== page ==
Greenbrier High School senior Taradee Hagan is an accomplished photographer, artist and softball player.
But her senior project led her into unknown territory - quilting.
"I'd never sewn anything," Taradee said.
The two quilts the 17-year-old completed don't resemble the traditional block quilts often adorning a grandmother's bed. Taradee said her research focused on the new age of quilting and how technology affects the long-standing craft.
"Quilting is evolving into more of an art form than just a craft, which is what I tried to show more on my second quilt," Taradee said after spending more than 100 hours since September completing the sewing projects.
Taradee, who moved to Evans from Virginia in August, said she originally wanted to use photography for her project, but was told by her adviser that it wasn't enough of a learning stretch. Quilting was suggested and Taradee said she researched art quilts and ran with the idea.
"I thought I might not be able to do it, but I can try," Taradee said. "... It seems easy when you read about it online."
Working with her mentor, Susan Lewis of Branum's Sewing and Vacuum Center, Taradee learned quilting basics, which she demonstrated with her first quilt. It is a base white quilt with colorful blocks and delicate embroidery.
"It is a lot more crafty than I am used to," Taradee said. "I am very meticulous as far as math and things like that. Quilting gave that, too. You have to get your quarter inch. You have to have everything line up. You have to be so precise."
Taradee also is a third baseman for the school's softball team and created a softball scene as the focus of her second, and much more complicated, quilt. It involved plenty of new quilting techniques including free motion quilting, snippets and the use of Batik fabric, as well as some fundamental techniques.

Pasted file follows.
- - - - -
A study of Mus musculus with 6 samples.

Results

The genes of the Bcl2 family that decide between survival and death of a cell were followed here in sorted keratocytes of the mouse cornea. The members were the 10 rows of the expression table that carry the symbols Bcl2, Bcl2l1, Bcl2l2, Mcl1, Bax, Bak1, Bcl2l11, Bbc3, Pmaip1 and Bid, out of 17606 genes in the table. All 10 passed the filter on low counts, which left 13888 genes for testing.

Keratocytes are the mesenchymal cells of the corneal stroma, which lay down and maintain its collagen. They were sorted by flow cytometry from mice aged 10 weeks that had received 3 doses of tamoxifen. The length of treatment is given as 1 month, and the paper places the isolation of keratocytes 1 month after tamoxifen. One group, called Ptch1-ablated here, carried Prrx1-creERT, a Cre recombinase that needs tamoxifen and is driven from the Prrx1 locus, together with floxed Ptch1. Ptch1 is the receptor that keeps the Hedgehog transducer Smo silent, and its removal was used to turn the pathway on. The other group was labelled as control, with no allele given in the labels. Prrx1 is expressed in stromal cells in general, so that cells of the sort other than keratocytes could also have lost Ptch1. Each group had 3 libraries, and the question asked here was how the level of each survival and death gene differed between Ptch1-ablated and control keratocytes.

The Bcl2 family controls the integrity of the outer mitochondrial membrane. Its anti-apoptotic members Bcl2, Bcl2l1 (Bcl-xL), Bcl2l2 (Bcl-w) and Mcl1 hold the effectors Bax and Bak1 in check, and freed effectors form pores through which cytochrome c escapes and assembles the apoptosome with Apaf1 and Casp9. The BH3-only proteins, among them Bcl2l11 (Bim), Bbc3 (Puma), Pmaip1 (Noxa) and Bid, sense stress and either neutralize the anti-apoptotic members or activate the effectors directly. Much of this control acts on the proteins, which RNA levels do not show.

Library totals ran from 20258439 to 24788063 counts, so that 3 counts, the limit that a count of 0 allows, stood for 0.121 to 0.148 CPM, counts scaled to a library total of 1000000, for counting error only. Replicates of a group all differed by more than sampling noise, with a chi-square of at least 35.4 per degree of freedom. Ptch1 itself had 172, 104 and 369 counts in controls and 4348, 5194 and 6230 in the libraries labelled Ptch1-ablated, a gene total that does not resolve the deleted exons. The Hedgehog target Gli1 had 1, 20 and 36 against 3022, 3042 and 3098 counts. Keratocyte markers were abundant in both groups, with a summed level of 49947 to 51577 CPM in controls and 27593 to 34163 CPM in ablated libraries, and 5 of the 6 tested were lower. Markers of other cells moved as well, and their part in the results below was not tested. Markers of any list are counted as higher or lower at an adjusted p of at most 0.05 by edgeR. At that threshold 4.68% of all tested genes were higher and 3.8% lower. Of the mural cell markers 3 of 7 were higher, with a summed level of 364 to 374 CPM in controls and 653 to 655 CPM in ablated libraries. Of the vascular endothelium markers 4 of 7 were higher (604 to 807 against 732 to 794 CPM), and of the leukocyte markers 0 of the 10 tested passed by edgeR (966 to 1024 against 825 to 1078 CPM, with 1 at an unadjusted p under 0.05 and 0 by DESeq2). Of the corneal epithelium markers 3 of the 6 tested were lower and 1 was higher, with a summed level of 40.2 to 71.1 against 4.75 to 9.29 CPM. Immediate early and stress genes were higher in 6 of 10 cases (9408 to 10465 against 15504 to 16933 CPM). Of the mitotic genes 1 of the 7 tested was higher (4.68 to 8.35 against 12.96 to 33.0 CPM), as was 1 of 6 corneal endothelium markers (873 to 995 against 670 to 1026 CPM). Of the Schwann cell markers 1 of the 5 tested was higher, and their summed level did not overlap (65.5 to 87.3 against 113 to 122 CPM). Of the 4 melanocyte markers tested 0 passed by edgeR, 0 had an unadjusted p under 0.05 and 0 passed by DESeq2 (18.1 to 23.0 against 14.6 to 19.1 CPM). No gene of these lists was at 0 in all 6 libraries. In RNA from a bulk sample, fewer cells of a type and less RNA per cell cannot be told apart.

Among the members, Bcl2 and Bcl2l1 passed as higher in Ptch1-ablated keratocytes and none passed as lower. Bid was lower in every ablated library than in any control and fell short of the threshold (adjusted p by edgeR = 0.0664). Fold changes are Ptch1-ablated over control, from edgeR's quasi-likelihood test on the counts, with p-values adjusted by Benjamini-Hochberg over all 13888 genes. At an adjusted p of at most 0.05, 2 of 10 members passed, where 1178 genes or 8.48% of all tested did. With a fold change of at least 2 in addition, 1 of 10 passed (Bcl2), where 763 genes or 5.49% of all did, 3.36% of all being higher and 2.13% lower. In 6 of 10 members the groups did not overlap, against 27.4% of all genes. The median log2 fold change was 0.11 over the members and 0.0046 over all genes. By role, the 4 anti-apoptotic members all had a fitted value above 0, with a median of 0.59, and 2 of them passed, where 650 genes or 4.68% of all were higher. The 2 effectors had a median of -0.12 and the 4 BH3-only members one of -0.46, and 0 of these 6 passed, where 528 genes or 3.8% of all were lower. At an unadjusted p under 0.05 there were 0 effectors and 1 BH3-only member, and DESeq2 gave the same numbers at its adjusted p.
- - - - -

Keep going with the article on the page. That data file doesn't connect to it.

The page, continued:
"All I had to do was teach her the how and she knew what she wanted," said Lewis, a Bernina specialist and educator at the sewing center. "We have adults that won't even tackle anything like that ... She conquered things that most people don't, they don't even try."
Taradee drew out the softball players in the scene depicting a batter, umpire and base runner. The quilt is bordered with photos of Taradee in all stages of the softball career she began in the first grade.
After spending nearly every day at the sewing center, Taradee learned how to not only sew a quilt, but how to plan and carry out her own idea. She drew out the figures, enlarged them and traced them out in reverse to create the pattern for the many bits of fabric needed to create the figures and their clothing and accessories.
The entire process turned out to be more daunting than Taradee expected, but she rose to the challenge, Lewis said.
Taradee recently received a full-tuition scholarship to Salem College in Winston-Salem, N.C., where she plans to study studio art. She hopes to one day be the art director for a magazine, she said.
For now, Taradee said she's hoping the judges of her senior project will be impressed with her quilting.
"As soon as my interview with the judges is over, it is going into a frame," Taradee said. "I can't wash it, but at the same time, I won't need to because it is not going on my bed."